Broken Windows

Recently, our nearby 7-11 store closed. The manager had had enough of broken windows and threats to employee safety, so they decided to move. This came as a big surprise to us because we thought 7-11 stores were eternal. Obviously, we were wrong.

OLYMPUS DIGITAL CAMERAOur neighbourhood is, mostly, a very pleasant one, with tree-lined streets and an active community centre.  Every year there is a street festival called Kaleido which brings together the music, dancing, arts, food, and fun of the area’s many ethnic groups. There are enclaves from a wide variety of places including the Caribbean, Somalia, Portugal, Pakistan, and Japan as well as from Canada’s first nations.

Like many neighbourhoods, though, we have one street that seems to attract less desirable characters. Ours is 118 Avenue, and it struggles to maintain small shops and businesses providing services in older buildings while homeless people, bike thieves, and prostitutes all try to survive in the same vicinity. In the four years I have lived here, I have seen many enterprises come and go, and some have been closed and shuttered all that time.

OLYMPUS DIGITAL CAMERAWhen I first arrived I was surprised to realize that there are one or two hairdressers on every block. I hardly ever see them actually cutting hair, so its a mystery to me how they continue to sustain themselves. We also seem to have more than our fair share of pawn shops and payday loan businesses.

At the same time, we have flourishing restaurants, specialty grocery stores, churches, car dealerships, cafes, banks, and services that contribute a lot to the community; they also keep their sidewalks and windows clean. It’s a really mixed assortment of people trying to make a go of things.

The closure of the 7-11 store inspired me to view 118 Avenue from a slightly different perspective. I decided to see how many windows were broken or boarded up. I remembered that, back in 1982, James Q. Wilson and George R. Kelling introduced the criminological theory that broken windows are an indication of social disorder and, if they are left unrepaired, lead to further crime and anti-social behaviour. Whether or not they are correct, it bothers me when buildings are not maintained in good condition. I feel as though the owners don’t care about me, their neighbour. It’s personal.

So, I took these pictures.  They don’t reflect the street in all its glorious multicultural, industrious, entirety. These are just the broken and boarded-up windows, which are only a small number compared to the many that are in good shape. Even so, they stand out and I wish their owners would restore them.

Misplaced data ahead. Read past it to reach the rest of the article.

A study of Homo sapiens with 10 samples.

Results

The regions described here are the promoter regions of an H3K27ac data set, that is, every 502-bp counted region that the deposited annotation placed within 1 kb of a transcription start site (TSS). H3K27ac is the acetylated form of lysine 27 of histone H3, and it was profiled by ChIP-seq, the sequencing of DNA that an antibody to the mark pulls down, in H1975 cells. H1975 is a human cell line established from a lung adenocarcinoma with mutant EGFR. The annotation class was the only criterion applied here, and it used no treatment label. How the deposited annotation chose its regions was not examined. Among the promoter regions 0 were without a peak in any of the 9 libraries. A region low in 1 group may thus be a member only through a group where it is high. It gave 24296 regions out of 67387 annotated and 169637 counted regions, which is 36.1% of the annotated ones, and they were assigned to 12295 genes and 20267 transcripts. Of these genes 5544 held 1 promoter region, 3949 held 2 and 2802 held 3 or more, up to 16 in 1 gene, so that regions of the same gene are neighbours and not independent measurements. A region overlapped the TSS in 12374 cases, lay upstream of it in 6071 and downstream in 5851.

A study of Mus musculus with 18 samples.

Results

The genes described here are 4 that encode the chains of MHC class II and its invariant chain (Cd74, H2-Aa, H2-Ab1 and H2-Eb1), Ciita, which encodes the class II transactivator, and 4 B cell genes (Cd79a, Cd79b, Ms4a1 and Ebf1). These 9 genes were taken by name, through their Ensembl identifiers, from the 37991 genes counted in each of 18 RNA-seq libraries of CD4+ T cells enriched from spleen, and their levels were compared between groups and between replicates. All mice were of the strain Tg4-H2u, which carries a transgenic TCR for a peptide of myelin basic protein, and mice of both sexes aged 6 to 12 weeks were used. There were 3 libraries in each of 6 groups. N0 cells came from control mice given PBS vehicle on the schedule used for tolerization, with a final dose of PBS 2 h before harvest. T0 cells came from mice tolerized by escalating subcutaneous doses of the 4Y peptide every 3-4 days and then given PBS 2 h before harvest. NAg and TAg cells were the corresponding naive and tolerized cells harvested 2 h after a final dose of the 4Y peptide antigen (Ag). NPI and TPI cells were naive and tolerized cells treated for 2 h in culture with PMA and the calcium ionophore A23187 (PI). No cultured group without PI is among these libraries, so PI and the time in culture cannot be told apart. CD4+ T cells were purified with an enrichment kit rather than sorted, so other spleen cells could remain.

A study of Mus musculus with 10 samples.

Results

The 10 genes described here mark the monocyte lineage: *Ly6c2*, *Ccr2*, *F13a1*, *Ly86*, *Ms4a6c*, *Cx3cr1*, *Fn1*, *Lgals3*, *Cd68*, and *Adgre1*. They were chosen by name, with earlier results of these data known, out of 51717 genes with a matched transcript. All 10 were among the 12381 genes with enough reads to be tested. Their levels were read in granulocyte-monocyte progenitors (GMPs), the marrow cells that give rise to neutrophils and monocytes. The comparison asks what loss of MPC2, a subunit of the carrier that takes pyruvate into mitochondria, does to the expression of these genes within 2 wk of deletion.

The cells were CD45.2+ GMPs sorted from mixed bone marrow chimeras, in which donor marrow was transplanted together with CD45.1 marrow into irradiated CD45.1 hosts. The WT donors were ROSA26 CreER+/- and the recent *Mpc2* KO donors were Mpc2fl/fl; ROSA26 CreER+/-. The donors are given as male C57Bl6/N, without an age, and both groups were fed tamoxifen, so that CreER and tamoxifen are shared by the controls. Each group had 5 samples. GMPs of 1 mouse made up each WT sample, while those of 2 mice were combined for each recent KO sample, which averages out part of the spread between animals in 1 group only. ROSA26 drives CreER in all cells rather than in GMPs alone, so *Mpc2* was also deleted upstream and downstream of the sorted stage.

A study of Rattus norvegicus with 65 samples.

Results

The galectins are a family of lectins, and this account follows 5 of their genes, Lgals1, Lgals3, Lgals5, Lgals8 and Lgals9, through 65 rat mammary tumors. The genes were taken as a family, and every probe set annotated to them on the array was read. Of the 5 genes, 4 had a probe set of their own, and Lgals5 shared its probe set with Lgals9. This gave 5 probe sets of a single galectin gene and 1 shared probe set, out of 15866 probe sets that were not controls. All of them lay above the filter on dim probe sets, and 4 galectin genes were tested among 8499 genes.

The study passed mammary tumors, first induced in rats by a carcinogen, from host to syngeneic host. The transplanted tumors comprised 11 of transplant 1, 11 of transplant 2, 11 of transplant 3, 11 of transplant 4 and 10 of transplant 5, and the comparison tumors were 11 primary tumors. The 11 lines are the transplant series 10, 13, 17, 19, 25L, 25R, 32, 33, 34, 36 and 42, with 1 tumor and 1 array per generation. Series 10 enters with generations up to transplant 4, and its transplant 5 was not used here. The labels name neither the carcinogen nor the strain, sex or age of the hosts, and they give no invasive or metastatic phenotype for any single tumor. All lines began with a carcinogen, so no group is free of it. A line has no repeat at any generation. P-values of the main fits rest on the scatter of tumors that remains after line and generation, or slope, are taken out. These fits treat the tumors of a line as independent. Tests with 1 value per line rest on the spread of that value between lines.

1. I imagine it happens everywhere. The closest district to us where one might see such things is the suburb of Yeoville.
    At one time it was hailed as the epitome of the New South Africa, a mini representation of the so-called Rainbow-Nation-to-be.
    A place where one expect to find the more Bohemian type.
    The pipe dream lasted about a year, maybe two.
    It is now an area where I simply would not go for a walkabout if you paid me.
    Multi culturalism quickly degenerated to what one would call an overwhelmingly run-down black African suburb full of drugs, pimps pushers and such like.

    Many of what were once quaint turn of the 20th century buildings were over run by squatters and abandoned by their owners. And the place is, by and large, filthy.

    • I’m sorry to hear that multiculturalism has not worked well there. In Canada it has, for the most part, been quite successful. We all rub along together fairly well. People tend to socialize with people of the same ethnic origins but we work , go to school, use public facilities together without much trouble.

      The problems in my neighbourhood seem to be more related to poverty and the social effects of addictions than ethnicity.

      • Oh, this is just one example where expectations ran too high I think.
        And poverty related factors played a role as well, and still do.
        When one culture or group feel threatened they either band together or leave and this allows the majority to enforce their own culture if you like, and not always for the good I’m afraid..
        The suburb we live in is as mixed a bag as you will likely find, and there is no animosity or such problems that I am aware of.

        C’est la vie.

          • To our immediate right are a German and a Zulu, couple. We have been friends for nearly 30 years. Our children went to school together and Walter and I are both Pratchett fans.
            The lady directly opposite, moved to a garden cottage o her kids’ property but we still keep in contact and have baked cakes for her children and grandchildren for the past eight years.
            To our immediate right are a Nigerian and Zulu couple. Ben is a scientist who works for a pharmaceutical company and his wife, Agnes works at the Jo’burg Zoo.
            Two doors down are a Chinese couple ( who we don’t know, that well) and two doors to our left, are Jolene and Tommy, who are Indian. He grows bonsai trees, but sadly he supports Manchester United so we can never be friends … EVER! 🙂
            Jolene works at the school all our kids went to. She also does part-time catering for small functions and makes superb samoosas.
            We get together every now and then when one of us throws a garden party.
            So you can see, we all get on pretty good!

            • This is really good to hear, Ark. You are obviously a wonderful person to have as a neighbour, and it sounds as though you all get along really well. Anyone who bakes cakes for their friends is a friend to keep!